A fresh round of talks on Iran's disputed nuclear programme kicks off in Geneva on Thursday with Tehran saying a deal may finally be possible in the long-running standoff.
In their second meeting here in less than a month, negotiators from the United States and other world powers will sit down with Iran for two days in the hopes of hammering out a framework agreement.
With Iran anxious for relief from crippling economic sanctions, Western negotiators will be pushing Tehran to accept constraints on its nuclear programme.
Iranian Foreign Minister Mohammad Javad Zarif sounded a note of optimism ahead of the talks, saying he thought a deal could be within reach.
"I believe it is even possible to reach that agreement this week," Zarif told France 24 television on Tuesday. "But I can only talk for our side, I cannot talk for the other side."
The meeting is the second since President Hassan Rouhani took office in August pledging to resolve the nuclear dispute and lift sanctions by engaging with world powers.
Seizing the opening would allow the West to finally build bridges with Iran after decades of hostility, and could open the door to engaging with Tehran on other issues like the conflict in Syria, where Iran has backed President Bashar al-Assad against the anti-regime insurgents.
Last month's talks in Geneva -- held in English for the first time -- saw Iran reportedly outline a two-stage process that would resolve the dispute within a year.
Speaking to journalists in Geneva on the eve of the talks, a senior US official said Washington is willing to offer Iran limited sanctions relief if it agrees to take a "first step" to stop advancing its nuclear programme.
"What we're looking for now is a first phase, a first step, an initial understanding that stops Iran's nuclear programme from moving forward... and that potentially rolls some of it back," said the official, speaking on condition of anonymity.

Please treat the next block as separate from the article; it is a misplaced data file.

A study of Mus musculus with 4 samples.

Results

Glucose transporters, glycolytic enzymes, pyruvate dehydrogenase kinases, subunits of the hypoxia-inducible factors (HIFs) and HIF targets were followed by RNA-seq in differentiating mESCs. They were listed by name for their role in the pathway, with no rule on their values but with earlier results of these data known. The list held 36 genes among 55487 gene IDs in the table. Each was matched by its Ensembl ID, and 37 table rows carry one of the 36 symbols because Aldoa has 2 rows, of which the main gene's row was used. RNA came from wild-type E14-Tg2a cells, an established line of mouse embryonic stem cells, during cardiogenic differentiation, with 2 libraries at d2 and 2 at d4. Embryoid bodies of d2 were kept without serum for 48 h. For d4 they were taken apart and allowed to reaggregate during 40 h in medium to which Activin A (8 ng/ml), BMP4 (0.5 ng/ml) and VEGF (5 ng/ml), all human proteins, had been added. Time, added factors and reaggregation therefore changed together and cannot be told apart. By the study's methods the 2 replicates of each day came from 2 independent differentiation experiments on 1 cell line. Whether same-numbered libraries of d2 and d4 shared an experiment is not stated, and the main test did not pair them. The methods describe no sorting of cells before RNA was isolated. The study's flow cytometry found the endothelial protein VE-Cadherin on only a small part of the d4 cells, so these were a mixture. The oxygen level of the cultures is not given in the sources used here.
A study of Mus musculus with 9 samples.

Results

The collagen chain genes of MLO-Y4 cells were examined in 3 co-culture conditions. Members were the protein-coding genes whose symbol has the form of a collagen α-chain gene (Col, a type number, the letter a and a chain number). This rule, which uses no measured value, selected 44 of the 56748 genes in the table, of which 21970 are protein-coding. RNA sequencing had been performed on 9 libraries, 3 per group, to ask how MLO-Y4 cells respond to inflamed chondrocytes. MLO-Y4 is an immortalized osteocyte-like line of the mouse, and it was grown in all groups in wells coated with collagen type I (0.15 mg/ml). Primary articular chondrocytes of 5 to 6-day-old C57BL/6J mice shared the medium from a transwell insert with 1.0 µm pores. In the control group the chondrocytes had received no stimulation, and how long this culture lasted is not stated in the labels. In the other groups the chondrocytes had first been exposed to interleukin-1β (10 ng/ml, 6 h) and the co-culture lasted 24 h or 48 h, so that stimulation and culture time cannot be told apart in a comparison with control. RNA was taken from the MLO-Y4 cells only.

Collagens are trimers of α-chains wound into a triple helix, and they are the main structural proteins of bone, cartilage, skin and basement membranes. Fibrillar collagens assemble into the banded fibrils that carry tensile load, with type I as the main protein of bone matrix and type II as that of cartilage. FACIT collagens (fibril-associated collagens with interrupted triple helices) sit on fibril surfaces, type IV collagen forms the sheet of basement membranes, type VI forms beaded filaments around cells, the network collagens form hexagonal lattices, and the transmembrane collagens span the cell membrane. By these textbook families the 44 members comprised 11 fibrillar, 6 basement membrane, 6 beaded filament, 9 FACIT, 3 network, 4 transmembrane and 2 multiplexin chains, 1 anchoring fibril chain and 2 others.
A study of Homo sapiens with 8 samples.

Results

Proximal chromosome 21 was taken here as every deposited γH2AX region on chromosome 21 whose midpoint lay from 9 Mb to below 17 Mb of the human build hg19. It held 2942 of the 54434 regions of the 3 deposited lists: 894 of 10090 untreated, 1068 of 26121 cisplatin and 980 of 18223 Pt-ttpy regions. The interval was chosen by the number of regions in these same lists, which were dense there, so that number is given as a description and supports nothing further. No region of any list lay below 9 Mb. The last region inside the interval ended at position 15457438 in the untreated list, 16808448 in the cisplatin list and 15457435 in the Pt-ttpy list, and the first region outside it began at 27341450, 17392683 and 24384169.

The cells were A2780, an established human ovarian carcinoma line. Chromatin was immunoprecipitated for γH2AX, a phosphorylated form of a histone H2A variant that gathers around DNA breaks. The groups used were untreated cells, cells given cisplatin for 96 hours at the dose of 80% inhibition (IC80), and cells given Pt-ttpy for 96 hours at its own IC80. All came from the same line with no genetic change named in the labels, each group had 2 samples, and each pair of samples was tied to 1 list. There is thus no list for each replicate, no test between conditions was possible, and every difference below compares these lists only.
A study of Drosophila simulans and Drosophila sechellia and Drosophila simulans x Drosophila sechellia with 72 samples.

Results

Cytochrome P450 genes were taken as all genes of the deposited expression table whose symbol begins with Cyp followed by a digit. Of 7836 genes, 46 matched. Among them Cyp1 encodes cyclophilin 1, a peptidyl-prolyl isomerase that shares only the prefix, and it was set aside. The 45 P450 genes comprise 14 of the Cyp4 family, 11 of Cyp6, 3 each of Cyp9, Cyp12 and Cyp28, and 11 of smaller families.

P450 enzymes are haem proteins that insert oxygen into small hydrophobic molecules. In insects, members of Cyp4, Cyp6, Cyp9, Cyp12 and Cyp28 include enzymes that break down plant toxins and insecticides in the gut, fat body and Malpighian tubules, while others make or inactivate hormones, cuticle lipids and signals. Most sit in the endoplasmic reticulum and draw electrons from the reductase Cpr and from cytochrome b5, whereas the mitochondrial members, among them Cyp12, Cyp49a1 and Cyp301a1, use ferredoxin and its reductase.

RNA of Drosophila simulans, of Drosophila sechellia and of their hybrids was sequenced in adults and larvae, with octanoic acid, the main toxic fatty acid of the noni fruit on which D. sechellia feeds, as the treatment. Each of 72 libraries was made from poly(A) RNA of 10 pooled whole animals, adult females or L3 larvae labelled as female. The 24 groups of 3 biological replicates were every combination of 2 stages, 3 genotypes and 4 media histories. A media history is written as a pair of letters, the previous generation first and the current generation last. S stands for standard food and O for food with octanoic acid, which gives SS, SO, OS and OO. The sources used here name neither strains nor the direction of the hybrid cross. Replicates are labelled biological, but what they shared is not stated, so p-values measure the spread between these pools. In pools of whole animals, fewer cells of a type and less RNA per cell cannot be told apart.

"We are prepared to offer limited, targeted and reversible sanctions relief. We are not talking about touching the core architecture of the Iranian sanctions regime in this first step," the official said.
The official refused to give details of the offers on the table, but said the first stage would "put time on the clock" to negotiate a final agreement.
World powers are represented at the talks by the so-called P5+1, the five permanent members of the UN Security Council -- Britain, China, France, Russia and the United States -- plus Germany.
The group has held years of talks with Tehran on its uranium enrichment, which Western powers suspect may be aimed at developing nuclear weapons.
Iran has repeatedly denied this, insisting its nuclear programme is only for generating electricity and for medical purposes.
The country has however enriched uranium to 20 percent purity, which is only a few technical steps short of producing weapons-grade material.
Even if negotiators can reach a deal, both sides will have to overcome deep scepticism among hardliners opposed to any compromise.
Israel has staunchly opposed easing sanctions and its supporters in the US Congress could come out against even marginal concessions to Iran.
After talks with US Secretary of State John Kerry in Jerusalem on Wednesday, Israeli Prime Minister Benjamin Netanyahu reiterated the concerns.
"I’d be very worried of any partial deals that enable Iran to maintain those (nuclear) capabilities but begin to reduce sanctions... this could undermine the longevity and durability of the sanctions regime," he said.
In Iran, the nuclear team has come under fire from hardliners wary of any deal that would limit the country's nuclear ambitions, prompting supreme leader Ayatollah Ali Khamenei to throw his weight behind negotiators.
"No one should see our negotiating team as compromisers," Khamenei said on Sunday, adding that they needed national support in their "difficult mission".
Khamenei also said he was "not optimistic" about the negotiations, but experts said his clear endorsement of the negotiators was a sign Tehran is taking the talks seriously.
"Khamenei coming out in this way was an important morale boost for the negotiating team and an indication that they do speak for him," said Siavush Randjbar-Daemi, a Middle East and Iran lecturer at the University of Manchester.
But he cautioned that "Khamenei's support should not be seen as a blank cheque. It's a cheque that has an expiration date."